One of the biggest struggles for government contractors is how to find the right balance between the information security their organizations must have with the tools that their teams need to help agencies deliver on their missions. In every aspect of IT, from mobile devices to access to social media sites and apps, there’s a constant give and take between the value that these next-generation tools bring and the inherent risks they pose to a company’s network, data, and potentially, national security.
So how do you find the balance between the risk and reward?
While some organizations choose a fairly open approach, utilizing free collaboration tools or buying as much of the latest and greatest technology as possible, others rely on stringent security measures by simply locking systems down, blacklisting web sites, and preventing access to social media during the work day. Limiting options for employees to use best-in-class technologies that drive collaboration and enable effective teams often results in the deployment of Shadow IT on company networks and results in InfoSec complications that come with unauthorized sites and applications.
At CSRA, I’d like to think that we’ve found a more productive approach that results in a genuine balance between needs and wants, security and productivity, and enables our employees to use our next-generation networks and tools to connect and build brilliant teams – whether they’re in headquarters or physically located at a customer site. We are focusing on shifting our cybersecurity posture to a true team effort by turning the focus from IT to that of the user experience. No longer will the use of IT and security together bring to mind the idea of onerous login requirements, a lack of intuitive software, and information siloes that disrupt collaborative work flow. Without question, much of our information security strength at CSRA has come from the sense of making security a collaborative effort. While my role as Chief Information Security Officer, and that of my team, is often viewed as issuing edicts on devices, software, hardware, and apps, we have strived instead to involve the business stakeholders. We talk to our business unit partners to gather requirements and solicit feedback. We then look for solutions, marrying their strategic goals with that of the overarching CIO organization, focusing on ensuring transparent security.
In November 2015 when CSRA was created out of the merger of CSC and SRA we took a hard look at the information security tools and policies that each heritage company used and identified the best to combine into our next-generation approach. In some cases, we also invested in new tools and services from emerging tech companies that would not only better scale to the new organization but also address the constant evolution of cyber attacks and the threats they present to our information, our teams, and our mission partners.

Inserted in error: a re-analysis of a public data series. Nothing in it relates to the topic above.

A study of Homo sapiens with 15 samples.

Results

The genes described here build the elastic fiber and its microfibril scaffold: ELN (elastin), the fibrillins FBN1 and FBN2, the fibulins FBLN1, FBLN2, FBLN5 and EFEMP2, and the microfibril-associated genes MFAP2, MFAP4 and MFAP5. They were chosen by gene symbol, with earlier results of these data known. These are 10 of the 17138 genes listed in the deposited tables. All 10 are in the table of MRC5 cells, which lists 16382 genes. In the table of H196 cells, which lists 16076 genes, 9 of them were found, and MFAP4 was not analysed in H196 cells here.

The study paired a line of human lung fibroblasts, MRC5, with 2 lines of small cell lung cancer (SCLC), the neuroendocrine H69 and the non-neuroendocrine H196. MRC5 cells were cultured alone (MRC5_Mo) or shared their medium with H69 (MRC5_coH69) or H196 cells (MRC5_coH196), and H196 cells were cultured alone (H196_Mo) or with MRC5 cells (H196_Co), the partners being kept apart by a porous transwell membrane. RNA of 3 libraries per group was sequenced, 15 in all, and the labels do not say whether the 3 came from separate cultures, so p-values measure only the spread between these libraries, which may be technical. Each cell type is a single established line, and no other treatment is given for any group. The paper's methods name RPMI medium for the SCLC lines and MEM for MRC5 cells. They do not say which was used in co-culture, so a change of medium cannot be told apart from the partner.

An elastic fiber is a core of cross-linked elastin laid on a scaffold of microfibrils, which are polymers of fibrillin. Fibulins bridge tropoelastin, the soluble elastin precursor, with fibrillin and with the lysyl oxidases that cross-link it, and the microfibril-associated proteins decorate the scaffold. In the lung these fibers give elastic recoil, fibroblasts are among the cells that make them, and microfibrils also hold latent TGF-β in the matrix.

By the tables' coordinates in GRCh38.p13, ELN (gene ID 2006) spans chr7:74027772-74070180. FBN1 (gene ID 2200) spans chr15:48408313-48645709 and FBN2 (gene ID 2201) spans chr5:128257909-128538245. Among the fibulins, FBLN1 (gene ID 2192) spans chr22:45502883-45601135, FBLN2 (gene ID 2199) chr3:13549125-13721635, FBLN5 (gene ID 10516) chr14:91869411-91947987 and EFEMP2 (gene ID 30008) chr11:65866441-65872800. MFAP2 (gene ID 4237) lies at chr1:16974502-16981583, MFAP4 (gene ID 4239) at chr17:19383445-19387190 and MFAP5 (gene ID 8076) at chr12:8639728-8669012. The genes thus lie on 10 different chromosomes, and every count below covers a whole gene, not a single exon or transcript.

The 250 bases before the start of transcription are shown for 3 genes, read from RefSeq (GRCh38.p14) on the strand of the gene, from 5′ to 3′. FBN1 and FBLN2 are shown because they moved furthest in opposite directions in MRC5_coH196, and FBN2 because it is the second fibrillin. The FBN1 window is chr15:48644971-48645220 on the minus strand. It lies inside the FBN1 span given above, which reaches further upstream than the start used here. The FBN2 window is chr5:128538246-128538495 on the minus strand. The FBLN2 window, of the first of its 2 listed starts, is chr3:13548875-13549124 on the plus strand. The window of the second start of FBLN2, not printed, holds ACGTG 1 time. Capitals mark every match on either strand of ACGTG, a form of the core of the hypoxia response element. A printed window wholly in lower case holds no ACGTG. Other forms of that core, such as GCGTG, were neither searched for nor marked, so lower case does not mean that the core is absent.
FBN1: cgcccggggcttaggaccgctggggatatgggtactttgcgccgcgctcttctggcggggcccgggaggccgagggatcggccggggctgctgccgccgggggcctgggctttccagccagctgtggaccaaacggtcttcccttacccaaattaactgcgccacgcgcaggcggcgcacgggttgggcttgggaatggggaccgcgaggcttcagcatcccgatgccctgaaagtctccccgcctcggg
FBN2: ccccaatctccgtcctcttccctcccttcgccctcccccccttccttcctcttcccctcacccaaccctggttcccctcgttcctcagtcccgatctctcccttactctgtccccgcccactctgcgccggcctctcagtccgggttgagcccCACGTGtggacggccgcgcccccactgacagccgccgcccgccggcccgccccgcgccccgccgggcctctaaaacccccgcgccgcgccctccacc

We have developed robust processes and review streams, ensuring that security is baked in from the get-go, because no matter how sophisticated or simple a technology is, the risk continues to be present from basic security threats such as weak passwords and clicking on unknown links. Cyber hygiene begins with each individual user. No technology or process is going to keep a network safe, or information secured, unless the people who use them have bought into good security hygiene practices. Just as continuous monitoring is one of the best ways to protect networks from attack, continuous education is the best way to make sure our teams are armed against cyber attackers of all kinds. In pursuing an approach that combines people, process, and technology we have better visibility into existing and emergent cyber threats and can move more quickly to detect, defend, and remediate against attacks.
Ensuring the integrity of intellectual property, the sanctity of Personally Identifiable Information (PII), and the safe operation of our federal infrastructure are fundamental elements of national security in today’s world. Any organization working with federal government agencies has an obligation to evangelize the importance of cybersecurity and should have their own full understanding of cybersecurity requirements. By conforming to these policies ourselves, developing internal processes that prioritize security but still enables collaboration, efficiency, and mission focus, CSRA is delivering on that obligation, which is fundamental to the success of our organization and the customers we serve.